Skellie is a regular writer for “That Work” – SLG. Read more posts like this one at her blog,, or subscribe to her RSS feed.

Whether you blog about internet marketing, parenthood, karate or ballpoint pens, there are certain things you can do to make each post better. This week, I want to share several strategies you can use to make your posts more gripping — regardless of their length or topic.

A simple rule for every post

Omit any sentences or paragraphs in your post that don’t fall under the following two categories:

1. Words that persuade visitors to read the article.

2. Words that visitors will want to read.

Your posts should, ideally, flow from one category to the other. The aim of your introduction is to hook visitors in: to give them a reason to read on. The rest of your post should be dedicated to delivering on your earlier promises.

A common mistake I see bloggers make is to forget persuasion: to start with a long anecdote or rambling detail without a hook. If visitors can’t see what they stand to gain from reading your content, they’ll skip it. While their visit will add +1 to your site stats, it won’t grow your blog.

A useful habit — When settling down to write the first paragraph of your post, don’t launch into the content straight away. Instead, dedicate the first paragraph to words that will persuade the visitor to read. While you could achieve this with an intriguing anecdote, a controversial statement, or a knock-out opening sentence, the “tell them what you’re going to tell them” approach has worked well for me. It won’t win the Pulitzer Prize, but being able to say “this article will do this, this and this” is easy and effective. Sometimes the most simple and obvious option is the best one.

Deliver on your promises

Your introduction will have raised certain expectations about what your post is going to deliver. Resist the temptation to provide extensive background detail or otherwise include too much preamble to the real value in your post. Once your introduction is finished, get started with a bang.

A useful habit — Start with your best point first. A reader who was gripped by your introduction may soon lose interest if your content doesn’t make an immediate impact.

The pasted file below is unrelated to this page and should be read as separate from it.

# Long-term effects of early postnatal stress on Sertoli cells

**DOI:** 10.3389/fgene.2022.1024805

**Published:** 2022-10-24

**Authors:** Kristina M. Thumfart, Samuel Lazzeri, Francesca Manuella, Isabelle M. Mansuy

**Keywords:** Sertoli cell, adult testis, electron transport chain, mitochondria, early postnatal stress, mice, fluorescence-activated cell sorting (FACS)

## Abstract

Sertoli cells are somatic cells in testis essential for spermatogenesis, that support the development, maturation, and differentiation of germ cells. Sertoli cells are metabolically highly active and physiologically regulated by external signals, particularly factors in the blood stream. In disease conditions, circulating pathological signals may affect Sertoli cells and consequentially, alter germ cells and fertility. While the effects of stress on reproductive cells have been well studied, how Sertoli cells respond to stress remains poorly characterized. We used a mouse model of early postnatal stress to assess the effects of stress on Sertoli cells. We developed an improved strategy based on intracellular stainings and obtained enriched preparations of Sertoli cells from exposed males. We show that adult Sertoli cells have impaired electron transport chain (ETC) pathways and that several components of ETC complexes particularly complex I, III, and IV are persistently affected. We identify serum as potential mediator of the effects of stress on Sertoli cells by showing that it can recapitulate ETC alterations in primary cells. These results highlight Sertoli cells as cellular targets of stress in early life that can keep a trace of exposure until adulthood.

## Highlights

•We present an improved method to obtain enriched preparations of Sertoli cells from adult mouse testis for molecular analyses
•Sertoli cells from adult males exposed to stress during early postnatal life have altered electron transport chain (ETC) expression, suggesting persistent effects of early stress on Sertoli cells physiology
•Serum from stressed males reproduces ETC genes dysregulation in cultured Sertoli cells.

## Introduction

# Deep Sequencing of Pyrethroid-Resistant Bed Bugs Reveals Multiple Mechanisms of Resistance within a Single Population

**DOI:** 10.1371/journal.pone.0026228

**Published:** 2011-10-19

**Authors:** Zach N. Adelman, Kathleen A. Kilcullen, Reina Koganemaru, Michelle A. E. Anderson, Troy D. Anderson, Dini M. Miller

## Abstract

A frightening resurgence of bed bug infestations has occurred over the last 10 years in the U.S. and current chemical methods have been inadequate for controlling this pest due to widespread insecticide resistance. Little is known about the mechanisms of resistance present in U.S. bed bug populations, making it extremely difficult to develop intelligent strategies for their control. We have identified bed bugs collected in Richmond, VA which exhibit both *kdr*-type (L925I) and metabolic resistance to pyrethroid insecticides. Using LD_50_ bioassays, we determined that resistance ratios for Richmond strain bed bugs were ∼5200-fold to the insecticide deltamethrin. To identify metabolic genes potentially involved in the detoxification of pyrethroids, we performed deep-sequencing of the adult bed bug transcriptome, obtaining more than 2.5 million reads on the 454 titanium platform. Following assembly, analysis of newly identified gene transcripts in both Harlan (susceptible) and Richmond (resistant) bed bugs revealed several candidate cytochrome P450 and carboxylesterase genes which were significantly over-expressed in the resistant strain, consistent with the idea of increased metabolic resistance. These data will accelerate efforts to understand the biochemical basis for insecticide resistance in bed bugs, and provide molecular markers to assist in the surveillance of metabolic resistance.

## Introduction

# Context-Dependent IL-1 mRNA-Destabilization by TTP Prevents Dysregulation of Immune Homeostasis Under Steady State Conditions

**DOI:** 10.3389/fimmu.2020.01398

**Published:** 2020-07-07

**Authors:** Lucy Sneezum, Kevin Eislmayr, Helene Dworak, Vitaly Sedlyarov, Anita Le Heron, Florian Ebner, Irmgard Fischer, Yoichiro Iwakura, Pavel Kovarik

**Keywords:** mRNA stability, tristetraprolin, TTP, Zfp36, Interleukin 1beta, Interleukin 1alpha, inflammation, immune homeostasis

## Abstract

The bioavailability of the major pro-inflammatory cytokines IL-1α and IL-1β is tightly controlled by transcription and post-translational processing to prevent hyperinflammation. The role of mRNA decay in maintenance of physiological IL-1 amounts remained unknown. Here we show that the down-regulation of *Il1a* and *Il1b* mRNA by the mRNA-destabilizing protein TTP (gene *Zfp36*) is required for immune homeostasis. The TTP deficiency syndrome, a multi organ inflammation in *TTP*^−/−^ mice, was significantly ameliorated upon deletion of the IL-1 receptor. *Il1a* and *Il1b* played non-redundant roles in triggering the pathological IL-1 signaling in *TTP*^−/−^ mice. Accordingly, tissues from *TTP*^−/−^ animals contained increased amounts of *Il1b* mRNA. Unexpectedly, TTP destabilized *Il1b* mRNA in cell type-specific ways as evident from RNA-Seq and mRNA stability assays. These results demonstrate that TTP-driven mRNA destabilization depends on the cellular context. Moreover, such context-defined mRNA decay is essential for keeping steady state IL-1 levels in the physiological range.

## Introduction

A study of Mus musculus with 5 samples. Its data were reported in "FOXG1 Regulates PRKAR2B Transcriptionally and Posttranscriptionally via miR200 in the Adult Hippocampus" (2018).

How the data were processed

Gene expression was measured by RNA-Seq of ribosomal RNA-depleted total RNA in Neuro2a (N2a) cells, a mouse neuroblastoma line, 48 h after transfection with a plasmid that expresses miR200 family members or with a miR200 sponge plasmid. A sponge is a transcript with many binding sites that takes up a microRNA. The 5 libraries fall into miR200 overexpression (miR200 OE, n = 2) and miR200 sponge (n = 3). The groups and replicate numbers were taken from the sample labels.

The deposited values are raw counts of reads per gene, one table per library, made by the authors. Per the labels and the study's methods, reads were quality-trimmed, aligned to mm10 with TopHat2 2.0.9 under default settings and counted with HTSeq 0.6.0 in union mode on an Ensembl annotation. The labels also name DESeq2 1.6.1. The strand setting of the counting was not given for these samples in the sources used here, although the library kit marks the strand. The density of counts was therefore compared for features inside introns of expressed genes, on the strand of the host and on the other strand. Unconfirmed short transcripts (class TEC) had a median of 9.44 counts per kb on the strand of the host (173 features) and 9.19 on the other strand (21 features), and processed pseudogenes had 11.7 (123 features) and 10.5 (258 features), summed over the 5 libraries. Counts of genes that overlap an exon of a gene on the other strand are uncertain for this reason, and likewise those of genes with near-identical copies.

Remember to link out

Once you’ve finished your post, go over it and try to spot opportunities to link out to other websites and blogs. It will add more depth and value to what you write. Even top bloggers will follow up a trackback with an interesting title, so linking out can be beneficial from a ‘getting noticed’ perspective, too.

Help longer posts get read

If your post is longish, sign-post your logic with sub-headings. Ideally, a visitor who reads your sub-headings alone should be able to come away with a rough sketch of the ideas in your article.

Readers are excellent at extracting ideas in a minimum amount of time. Even if a reader isn’t interested in your first idea, they might see a sub-heading further into your article that sign-posts an idea or topic they have a lot of interest in. Sub-headings don’t encourage scanning — they encourage reading. If you saw a sub-heading you had intense interest in, it would be silly to pass it by and move on to the next thing. Sub-headings represent extra doorways into your post.

Photo by SuperFantastic

Add visual interest

By adding images, color and formatting to your post, you’re making them more enjoyable to read. A text-only post might excite our mind but if it bores our eyes too much, it will never be as effective as it could have been. Emphasizing key sentences in bold is a simple yet powerful way to make your posts more gripping.

A useful habit — Make a pact with yourself to add at least one image to each post you write, even if the post is short (and even if the image is very small). By adding align=”left” or align=”right” to the HTML tags for your image, you can push your image to the left or right of surrounding text. You can use stock photography, take your own photos or, my favorite option, find and use great Flickr images.

Put the ‘I’ in Write

Unless you’re a personal blogger, it’s hard to be unique. Most of us blog in crowded niches and most topics have been covered before (in some form or another). The only unique part of the equation is you. By blogging conversationally, sharing aspects of your personality and presenting ideas in your own way, you’ll differentiate your content with every post.

A useful habit — If you’re writing about news in your niche, ask yourself the following questions: does this affect me or someone I know? What do I think the implications of the news will be?

If you’re sharing advice or tips, ask yourself the following questions: how has this advice helped me, personally? What made me decide to start using these tips or methods? What kind of mistakes was I making beforehand?

When writing any type of post, ask yourself: could I work my own experiences into this, in a relevant way?

Points to review

  • Start your posts with words that help persuade visitors to read them.
  • Once you’ve done that, start delivering on the value you’ve promised.
  • Go over finished posts and add relevant links.
  • Add sub-headings to provide multiple entry points into your posts.
  • Add at least one image or graphic to every post you write.
  • Inject your personality and experiences into your posts to help differentiate your content.